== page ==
Friday, 16 January 2015

PHighter Friday Follow Up: Reinee

Since my last post, I've just been trying to take in all of life's blessings. I recently participated in the Race Against PH held by Stanford Hospital's Vera M. Wall Center for Pulmonary Hypertension. I had about 20 of my family and friends participate with me and it was fun! The outcome of these annual races are pretty overwhelming with the amount of supporters and sponsors. It's amazing to see everyone come together to raise awareness for Pulmonary Hypertension. I didn't actually run the race, but I power-walked the entire way and saved my energy to jog across the finish line. My family and friends who ran ahead waited for me a little before the finish line so we could all finish the race together. That moment was amazing and it felt great. I've only participated in Stanford's Race Against PH one other time before, in 2011, and compared to that, the event has really grown. If you haven't participated in a marathon for PH, I urge you to. It's such a wonderful experience.

Another major thing that has been going on in my life is the process to have kids. I say "process" because it is in fact a process, a very long one. My husband and I are currently going through the process of gestational surrogacy. That is when they take our embryo and implant it into our gestational carrier, or surrogate. When it came to our talk about having kids, which was well before we got married, we knew that it was not in the cards for me. I cried. I was depressed, but I had work with the cards I was dealt. My husband and I knew we wanted to try to have our own kids and obviously, this was the only way. We both had long talks with my doctors, nurses, and social worker about the risks, but I was willing to take them... and so was my husband. I honestly feel like I'm at my healthiest I've ever been so now would be the perfect time. There was a catch to going through with surrogacy though, and that was to get off of Tracleer. For those of you who don't know, one of Tracleer's main side effects is birth defects. My doctor decided that I needed a 3-month wash out period so that Tracleer would no longer be in my system at the time of egg stimulation. There haven't been any studies on the effects of Tracleer on eggs, but there have been studies of the effects of Tracleer on pregnant rats. So my doctor wanted to be safe and wanted me to produce the healthiest eggs needed for fertilization. I wasn't worried at all, but my doctors were a bit concerned. Of course they had to be concerned, they're my doctors. Their exact words were "we are not encouraging this, but if this is what you want to do, we fully support you and will take whatever steps necessary to make sure this happens for you." And honestly, that was exactly what I wanted to hear. Support from my team of doctors is all I need to know that everything was going to be OK.

My husband and I are now at the point of looking for legal representation and we're also waiting for our gestational carrier to be cleared of all initial testing with our fertility doctor. Genetics testing has been done, bloodwork, psychological and personality tests have been performed, as well as physicals. I have been off of Tracleer for about 5 weeks now and I feel fine. The first week was hard. I thought I wasn't going to be able to take being off of Tracleer, but I think my body just needed time to adjust; it was definitely going though withdrawals, though. I experienced a tight, heavy chest and minor palpitations, but I'm not a stranger to these symptoms so I just took it easy and continued to work. I'm completely fine now, and I'm still on Revatio and Tyvaso.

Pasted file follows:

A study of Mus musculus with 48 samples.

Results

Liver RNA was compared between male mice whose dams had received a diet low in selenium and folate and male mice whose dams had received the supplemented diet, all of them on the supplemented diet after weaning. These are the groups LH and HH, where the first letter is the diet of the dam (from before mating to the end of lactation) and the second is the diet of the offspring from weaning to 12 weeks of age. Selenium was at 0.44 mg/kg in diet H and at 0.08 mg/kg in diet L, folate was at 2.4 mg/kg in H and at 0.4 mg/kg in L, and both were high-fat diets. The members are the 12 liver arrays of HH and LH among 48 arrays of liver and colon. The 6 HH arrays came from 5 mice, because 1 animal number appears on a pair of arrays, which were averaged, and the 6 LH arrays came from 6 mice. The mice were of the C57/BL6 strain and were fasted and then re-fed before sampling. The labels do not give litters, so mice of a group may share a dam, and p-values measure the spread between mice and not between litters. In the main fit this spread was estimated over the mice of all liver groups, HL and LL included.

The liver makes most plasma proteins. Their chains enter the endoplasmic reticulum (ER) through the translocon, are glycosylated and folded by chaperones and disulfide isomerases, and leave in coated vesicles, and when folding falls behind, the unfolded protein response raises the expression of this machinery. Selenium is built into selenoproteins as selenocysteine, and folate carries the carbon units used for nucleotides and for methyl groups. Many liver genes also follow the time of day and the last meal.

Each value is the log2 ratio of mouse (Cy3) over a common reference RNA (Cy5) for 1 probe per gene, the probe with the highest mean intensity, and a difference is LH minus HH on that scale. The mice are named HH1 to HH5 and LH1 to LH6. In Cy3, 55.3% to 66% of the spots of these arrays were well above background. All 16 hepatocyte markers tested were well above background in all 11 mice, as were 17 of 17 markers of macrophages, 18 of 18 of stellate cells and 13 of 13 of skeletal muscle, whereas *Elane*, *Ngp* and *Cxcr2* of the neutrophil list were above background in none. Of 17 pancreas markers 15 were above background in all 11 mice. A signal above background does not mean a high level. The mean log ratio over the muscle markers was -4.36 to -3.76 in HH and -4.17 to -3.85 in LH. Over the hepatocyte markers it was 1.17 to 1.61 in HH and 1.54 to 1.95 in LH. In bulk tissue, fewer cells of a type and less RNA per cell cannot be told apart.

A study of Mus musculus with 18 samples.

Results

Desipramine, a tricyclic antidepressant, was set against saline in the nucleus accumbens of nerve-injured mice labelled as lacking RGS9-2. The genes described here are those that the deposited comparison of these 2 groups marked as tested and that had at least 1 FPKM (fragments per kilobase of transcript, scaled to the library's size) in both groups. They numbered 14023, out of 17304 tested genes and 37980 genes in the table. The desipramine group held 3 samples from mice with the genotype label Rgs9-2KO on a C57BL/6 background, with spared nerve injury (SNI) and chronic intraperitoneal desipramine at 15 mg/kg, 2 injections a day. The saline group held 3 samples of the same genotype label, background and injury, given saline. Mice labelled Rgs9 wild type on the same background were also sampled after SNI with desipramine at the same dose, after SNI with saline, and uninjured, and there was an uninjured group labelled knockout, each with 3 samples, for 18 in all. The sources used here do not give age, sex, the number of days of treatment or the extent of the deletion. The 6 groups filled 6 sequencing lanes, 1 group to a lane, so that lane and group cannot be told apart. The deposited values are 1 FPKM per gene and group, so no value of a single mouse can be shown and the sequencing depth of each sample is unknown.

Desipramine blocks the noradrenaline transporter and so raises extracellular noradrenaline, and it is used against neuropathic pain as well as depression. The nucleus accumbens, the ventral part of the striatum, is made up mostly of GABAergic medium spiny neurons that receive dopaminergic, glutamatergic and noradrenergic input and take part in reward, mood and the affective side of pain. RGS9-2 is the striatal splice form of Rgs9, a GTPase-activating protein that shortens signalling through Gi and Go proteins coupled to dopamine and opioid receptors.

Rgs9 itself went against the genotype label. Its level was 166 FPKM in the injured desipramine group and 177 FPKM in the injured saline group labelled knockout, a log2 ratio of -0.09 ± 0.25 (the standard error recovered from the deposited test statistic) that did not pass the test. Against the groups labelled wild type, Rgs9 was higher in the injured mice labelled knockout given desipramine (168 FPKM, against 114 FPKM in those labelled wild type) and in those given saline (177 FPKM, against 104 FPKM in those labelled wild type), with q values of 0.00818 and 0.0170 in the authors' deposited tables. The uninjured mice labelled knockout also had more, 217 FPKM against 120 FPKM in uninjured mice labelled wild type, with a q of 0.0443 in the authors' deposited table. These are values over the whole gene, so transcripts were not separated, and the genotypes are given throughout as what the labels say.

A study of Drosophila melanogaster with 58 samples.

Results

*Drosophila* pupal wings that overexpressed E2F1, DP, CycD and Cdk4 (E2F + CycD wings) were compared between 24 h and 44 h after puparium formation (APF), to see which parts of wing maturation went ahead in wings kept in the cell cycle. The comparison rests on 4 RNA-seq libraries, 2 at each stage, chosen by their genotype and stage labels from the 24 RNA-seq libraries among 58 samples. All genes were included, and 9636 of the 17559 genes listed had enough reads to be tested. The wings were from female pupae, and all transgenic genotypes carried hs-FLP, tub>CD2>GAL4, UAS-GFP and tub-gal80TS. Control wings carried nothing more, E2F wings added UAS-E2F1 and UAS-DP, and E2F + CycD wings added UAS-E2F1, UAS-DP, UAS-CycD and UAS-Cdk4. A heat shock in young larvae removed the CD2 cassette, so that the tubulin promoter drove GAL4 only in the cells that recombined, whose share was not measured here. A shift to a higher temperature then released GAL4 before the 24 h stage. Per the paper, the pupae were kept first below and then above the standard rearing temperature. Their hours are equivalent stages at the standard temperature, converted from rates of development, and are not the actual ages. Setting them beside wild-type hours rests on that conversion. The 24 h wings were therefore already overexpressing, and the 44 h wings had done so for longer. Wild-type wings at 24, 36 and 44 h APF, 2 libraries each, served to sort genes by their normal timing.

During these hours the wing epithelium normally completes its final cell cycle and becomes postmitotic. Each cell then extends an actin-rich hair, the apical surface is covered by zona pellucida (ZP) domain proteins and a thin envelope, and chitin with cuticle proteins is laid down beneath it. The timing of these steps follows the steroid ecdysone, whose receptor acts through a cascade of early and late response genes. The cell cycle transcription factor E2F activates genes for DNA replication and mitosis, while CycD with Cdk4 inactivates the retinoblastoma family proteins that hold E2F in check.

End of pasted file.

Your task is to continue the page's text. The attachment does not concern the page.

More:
Aside from the PH race and surrogacy, I have also recently challenged myself to snowboard with my husband in Lake Tahoe. I was scared at first because the last time I visited Lake Tahoe I didn't do so well. The elevation got to me, BUT at that time I was not on all the therapies I am now. Honestly, this time I was real nervous and still skeptical. I even had second thoughts about actually trying to snowboard so I had my husband hold off on buying me a lift ticket. I sat and waited in the cafeteria until it was time to do my next session of Tyvaso. When my husband came to check up on me after he did a few runs, I just said "alright, let's go!" I figured that if I came here with the intent to TRY, I might as well TRY. I felt fine, nothing was really holding me back except fear. We ended up snowboarding for about 5 hours. I had more than a few good spills, but I got the hang of it and I think I have a new found love of snowboarding! 

Sometimes I feel guilty about sharing my experiences, only because I know there are newly diagnosed patients out there who are feeling horrible. I remember being newly diagnosed and attending a support group with a couple of patients who were doing so well. For some reason, it made me feel worse because there they were living life and here I was thinking mine was ending. However, I want all of you to know that it took me almost 12 years to feel this way. It wasn't an easy battle, either. Please know that I'm active because my body is at the point where it's allowing me to be active. I don't feel crappy and try to push myself to do these things. I also want all of you to know that challenging yourself, even just a little, will give you hope. Don't ever be scared to get off of oxygen, or go for a walk, or get out of bed, even. Give yourself a new challenge everyday, it doesn't even have to be physical, but if your body doesn't allow it then at least you know your limits. Don't ever give up on yourself, keep PHighting! And always remember, you don't live with PH... PH lives with YOU.